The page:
When Queen Eleanor died in 1290 her body was taken to London from Harby in Lincolnshire. A memorial cross was erected at each place where the funeral procession rested overnight. The Geddington Cross is one of the best surviving crosses.




One of the few surviving queen eleanor stone marker post to still be found along the route of the late queens funeral route to london in c1290 from lincoln being 90% still intact it is sited on a spring that can be found at the foot of the tower and flows to the river a short distance away. Parking involves finding a spot on the road outside the cross with narrow streets this can be tight at busy times. Kam cardell is a local guide and very knowledgeable of the site
Ray Roberts (2 years ago)
Lovely village well worth a visit. Must visit Cafe Oak next to post office great food. Warm welcome. Try you'll go back again and again.
Steve Brooks (2 years ago)
History you can touch. The best Eleanor monument left and good information available attached to it's adjoining well. Very photogenic at the right time and can be moody when the weather isn't so good. The Cross is at the meeting of West Street, Bridge Street and Grafton road so be aware of traffic from any direction. Also take a look at the mounting stone on the corner of Grafton and Bridge used for mounting horses.
kayleigh brown (2 years ago)
Went to the squirt.. absolutely fun and funny.
Shaun Mclaughlin (3 years ago)
Good fun at the park behind the monument, The local pubs do good food to.

The Beckov castle stands on a steep 50 m tall rock in the village Beckov. The dominance of the rock and impression of invincibility it gaves, challenged our ancestors to make use of these assets. The result is a remarkable harmony between the natural setting and architecture.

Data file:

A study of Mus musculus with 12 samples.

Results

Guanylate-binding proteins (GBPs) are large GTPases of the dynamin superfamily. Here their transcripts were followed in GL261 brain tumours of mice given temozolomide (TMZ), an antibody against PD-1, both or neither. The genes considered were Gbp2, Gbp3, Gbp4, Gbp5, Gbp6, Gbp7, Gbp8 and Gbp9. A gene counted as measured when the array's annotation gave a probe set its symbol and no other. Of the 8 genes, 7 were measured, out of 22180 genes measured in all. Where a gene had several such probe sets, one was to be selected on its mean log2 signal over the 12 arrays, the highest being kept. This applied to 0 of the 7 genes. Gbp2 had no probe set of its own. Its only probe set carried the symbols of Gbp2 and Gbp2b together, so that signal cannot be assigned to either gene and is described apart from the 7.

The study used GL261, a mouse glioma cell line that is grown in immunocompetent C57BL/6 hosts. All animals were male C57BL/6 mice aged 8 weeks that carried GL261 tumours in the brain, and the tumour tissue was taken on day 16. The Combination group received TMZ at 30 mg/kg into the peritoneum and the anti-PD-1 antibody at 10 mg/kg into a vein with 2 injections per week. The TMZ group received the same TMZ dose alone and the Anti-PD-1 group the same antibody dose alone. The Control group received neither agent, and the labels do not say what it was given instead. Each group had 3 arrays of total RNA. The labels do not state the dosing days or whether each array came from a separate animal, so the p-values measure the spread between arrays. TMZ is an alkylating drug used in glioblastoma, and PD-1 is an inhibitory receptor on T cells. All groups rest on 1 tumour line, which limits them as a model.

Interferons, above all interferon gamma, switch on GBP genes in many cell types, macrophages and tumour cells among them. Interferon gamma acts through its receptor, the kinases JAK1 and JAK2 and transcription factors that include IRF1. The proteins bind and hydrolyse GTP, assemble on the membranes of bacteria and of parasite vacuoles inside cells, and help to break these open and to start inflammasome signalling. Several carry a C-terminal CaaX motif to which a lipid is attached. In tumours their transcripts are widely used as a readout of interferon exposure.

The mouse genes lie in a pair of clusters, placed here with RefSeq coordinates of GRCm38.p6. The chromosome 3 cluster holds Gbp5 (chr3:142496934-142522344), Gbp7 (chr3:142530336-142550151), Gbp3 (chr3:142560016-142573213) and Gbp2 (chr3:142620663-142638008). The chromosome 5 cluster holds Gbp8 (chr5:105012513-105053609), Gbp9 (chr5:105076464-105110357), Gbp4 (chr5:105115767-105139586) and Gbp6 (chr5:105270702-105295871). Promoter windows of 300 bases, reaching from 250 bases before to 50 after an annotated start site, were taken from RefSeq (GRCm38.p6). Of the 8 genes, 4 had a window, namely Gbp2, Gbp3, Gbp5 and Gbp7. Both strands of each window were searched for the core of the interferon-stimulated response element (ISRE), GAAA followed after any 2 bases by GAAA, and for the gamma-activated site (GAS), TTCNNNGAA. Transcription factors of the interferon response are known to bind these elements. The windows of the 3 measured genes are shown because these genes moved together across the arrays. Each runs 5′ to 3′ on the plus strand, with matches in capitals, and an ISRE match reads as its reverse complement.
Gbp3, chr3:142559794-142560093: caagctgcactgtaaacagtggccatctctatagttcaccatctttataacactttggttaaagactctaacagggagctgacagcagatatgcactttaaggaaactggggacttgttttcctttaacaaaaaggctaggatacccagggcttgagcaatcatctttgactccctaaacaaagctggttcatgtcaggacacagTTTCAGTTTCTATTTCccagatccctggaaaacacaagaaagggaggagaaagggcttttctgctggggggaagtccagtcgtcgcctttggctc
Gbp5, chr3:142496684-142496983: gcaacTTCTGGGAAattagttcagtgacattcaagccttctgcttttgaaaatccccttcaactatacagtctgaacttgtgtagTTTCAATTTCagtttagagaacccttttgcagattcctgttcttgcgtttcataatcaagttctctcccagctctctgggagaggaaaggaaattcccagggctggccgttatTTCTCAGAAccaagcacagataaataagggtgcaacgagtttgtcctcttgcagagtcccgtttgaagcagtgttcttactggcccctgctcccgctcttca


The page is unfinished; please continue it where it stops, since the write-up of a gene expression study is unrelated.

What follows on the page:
The castle first mentioned in 1200 was originally owned by the King and later, at the end of the 13th century it fell in hands of Matúš Èák. Its owners alternated - at the end of the 14th century the family of Stibor of Stiborice bought it.

The next owners, the Bánffys who adapted the Gothic castle to the Renaissance residence, improved its fortifications preventing the Turks from conquering it at the end of the 16th century. When Bánffys died out, the castle was owned by several noble families. It fell in decay after fire in 1729.

The history of the castle is the subject of different legends. One of them narrates the origin of the name of castle derived from that of jester Becko for whom the Duke Stibor had the castle built.

Another legend has it that the lord of the castle had his servant thrown down from the rock because he protected his child from the lords favourite dog. Before his death, the servant pronounced a curse saying that they would meet in a year and days time, and indeed precisely after that time the lord was bitten by a snake and fell down to the same abyss.

The well-conserved ruins of the castle, now the National Cultural Monument, are frequently visited by tourists, above all in July when the castle festival takes place. The former Ambro curia situated below the castle now shelters the exhibition of the local history.